PORT ST. LUCIE, Fla. — Just call it Sharknado.
The Mets caused a small social media tempest Friday when infielder Phil Evans posted a picture of Matt Harvey and Mickey Callaway shark fishing as part of a team exercise . . . with Donald Trump Jr. in the background.
The photo, posted on Evans’ Instagram stories — a feature that shows and deletes photos and videos after a 24-hour window — was deleted prematurely after the strong reaction.
On Saturday, Evans and Callaway said the meeting was simply coincidental.
“He just happened to be on the beach fishing,” Callaway said. “I guess it would be the same if we just walked into a restaurant and somebody is in there eating. I don’t think we can control that. I guess I could call the Secret Service and get their schedule and try to schedule things around it. We’ll see if they give it to me.”
Trump Jr., Evans said, was visiting the same beach with his family and ran into the Mets, who were participating in a team-building exercise by way of fishing.
When asked if he expected to cause such a stir, Evans, notably surprised, said, “I didn’t, I didn’t. I thought it was a nice little photo with Mickey and Harvey and he happened to be in the background . . . I wasn’t intending it to be in a political manner.”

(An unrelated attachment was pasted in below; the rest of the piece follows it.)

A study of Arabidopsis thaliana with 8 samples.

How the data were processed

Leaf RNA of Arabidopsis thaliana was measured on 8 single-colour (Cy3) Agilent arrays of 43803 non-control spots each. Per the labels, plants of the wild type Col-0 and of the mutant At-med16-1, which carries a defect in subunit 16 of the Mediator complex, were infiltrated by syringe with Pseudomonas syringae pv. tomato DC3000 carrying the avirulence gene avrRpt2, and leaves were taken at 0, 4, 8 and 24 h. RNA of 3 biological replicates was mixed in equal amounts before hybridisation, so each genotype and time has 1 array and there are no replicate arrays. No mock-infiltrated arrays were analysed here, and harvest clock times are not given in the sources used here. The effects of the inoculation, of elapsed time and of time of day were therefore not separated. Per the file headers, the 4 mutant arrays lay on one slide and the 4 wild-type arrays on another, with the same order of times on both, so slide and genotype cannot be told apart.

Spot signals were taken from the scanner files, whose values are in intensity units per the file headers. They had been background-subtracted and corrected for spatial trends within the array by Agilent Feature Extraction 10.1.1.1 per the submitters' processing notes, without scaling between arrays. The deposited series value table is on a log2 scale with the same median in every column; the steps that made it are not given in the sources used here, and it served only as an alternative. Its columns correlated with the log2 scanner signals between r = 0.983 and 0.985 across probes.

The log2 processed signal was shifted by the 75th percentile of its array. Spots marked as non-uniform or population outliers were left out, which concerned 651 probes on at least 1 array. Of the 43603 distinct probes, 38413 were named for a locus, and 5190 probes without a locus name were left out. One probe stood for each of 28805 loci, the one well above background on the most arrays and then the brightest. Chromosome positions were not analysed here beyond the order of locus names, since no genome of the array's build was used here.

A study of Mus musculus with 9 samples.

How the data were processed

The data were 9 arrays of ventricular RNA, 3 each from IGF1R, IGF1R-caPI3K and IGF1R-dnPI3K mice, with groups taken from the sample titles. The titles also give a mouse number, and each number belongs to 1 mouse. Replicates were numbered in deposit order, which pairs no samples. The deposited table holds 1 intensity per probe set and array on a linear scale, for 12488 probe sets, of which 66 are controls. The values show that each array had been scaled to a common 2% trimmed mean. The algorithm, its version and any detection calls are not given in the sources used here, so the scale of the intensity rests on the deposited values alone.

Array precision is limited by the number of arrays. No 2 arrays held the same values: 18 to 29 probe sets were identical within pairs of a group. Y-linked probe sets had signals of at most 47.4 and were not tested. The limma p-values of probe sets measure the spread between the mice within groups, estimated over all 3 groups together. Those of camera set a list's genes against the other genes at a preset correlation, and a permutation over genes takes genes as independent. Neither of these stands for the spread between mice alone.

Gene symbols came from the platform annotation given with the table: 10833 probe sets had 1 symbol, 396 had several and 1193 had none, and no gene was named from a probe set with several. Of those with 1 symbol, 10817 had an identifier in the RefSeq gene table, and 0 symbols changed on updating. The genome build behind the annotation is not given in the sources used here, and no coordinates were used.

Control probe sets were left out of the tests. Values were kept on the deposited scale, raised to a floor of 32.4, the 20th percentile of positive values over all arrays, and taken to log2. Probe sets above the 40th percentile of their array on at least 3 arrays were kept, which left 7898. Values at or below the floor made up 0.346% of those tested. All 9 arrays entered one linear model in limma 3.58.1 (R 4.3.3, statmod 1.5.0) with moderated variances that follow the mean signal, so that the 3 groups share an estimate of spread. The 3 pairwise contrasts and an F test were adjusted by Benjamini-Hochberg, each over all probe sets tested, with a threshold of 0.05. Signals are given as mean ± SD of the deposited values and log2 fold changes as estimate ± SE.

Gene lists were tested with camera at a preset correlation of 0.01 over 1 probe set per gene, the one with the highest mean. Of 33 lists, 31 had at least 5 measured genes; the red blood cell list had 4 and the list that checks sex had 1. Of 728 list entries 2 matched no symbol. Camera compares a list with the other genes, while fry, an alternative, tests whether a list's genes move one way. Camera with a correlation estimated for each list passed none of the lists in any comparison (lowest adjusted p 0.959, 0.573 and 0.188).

Callaway seemed to take it in stride. This is really the first time he’s been thrown into the microscope of the New York market, and he said reactions like that are to be expected.
“I think that it’s New York,” he said. “It’s going to be fun and it’s going to be controversial at times, and we understand that that’s how it is.”
Zack has ‘fire in his eyes’
Callaway said he liked what he saw from Zack Wheeler after reports surfaced that the Mets had signed Jason Vargas, perhaps jeopardizing Wheeler’s spot in the rotation. (The Mets haven’t officially confirmed the Vargas move, which is pending a physical.)
“He’s stepping up for a challenge and a battle to go out there and win that spot,” Callaway said. “He knows that when he’s healthy, he can be one of the best pitchers on this team, and I saw fire in his eyes that he was going to go out there and get that time.”
DiSarcina to help Callaway
Mets bench coach Gary Di Sarcina said he plans to play an active role in helping Callaway make the transition from Indians pitching coach to Mets manager. Callaway has said he will rely on DiSarcina and third-base coach Glenn Sherlock as he navigates the role of first-year manager.
“I think [I’ll help by] preparing him, right around the fifth, sixth, seventh inning, talking more about the offensive side of things because he’s going to fall back on what he’s comfortable in, I assume, which is the pitching side of things — pitch counts, sequences, when to use the bullpen,” DiSarcina said. “I think the most important thing is to physically stand next to him, stand by him and not hold back.”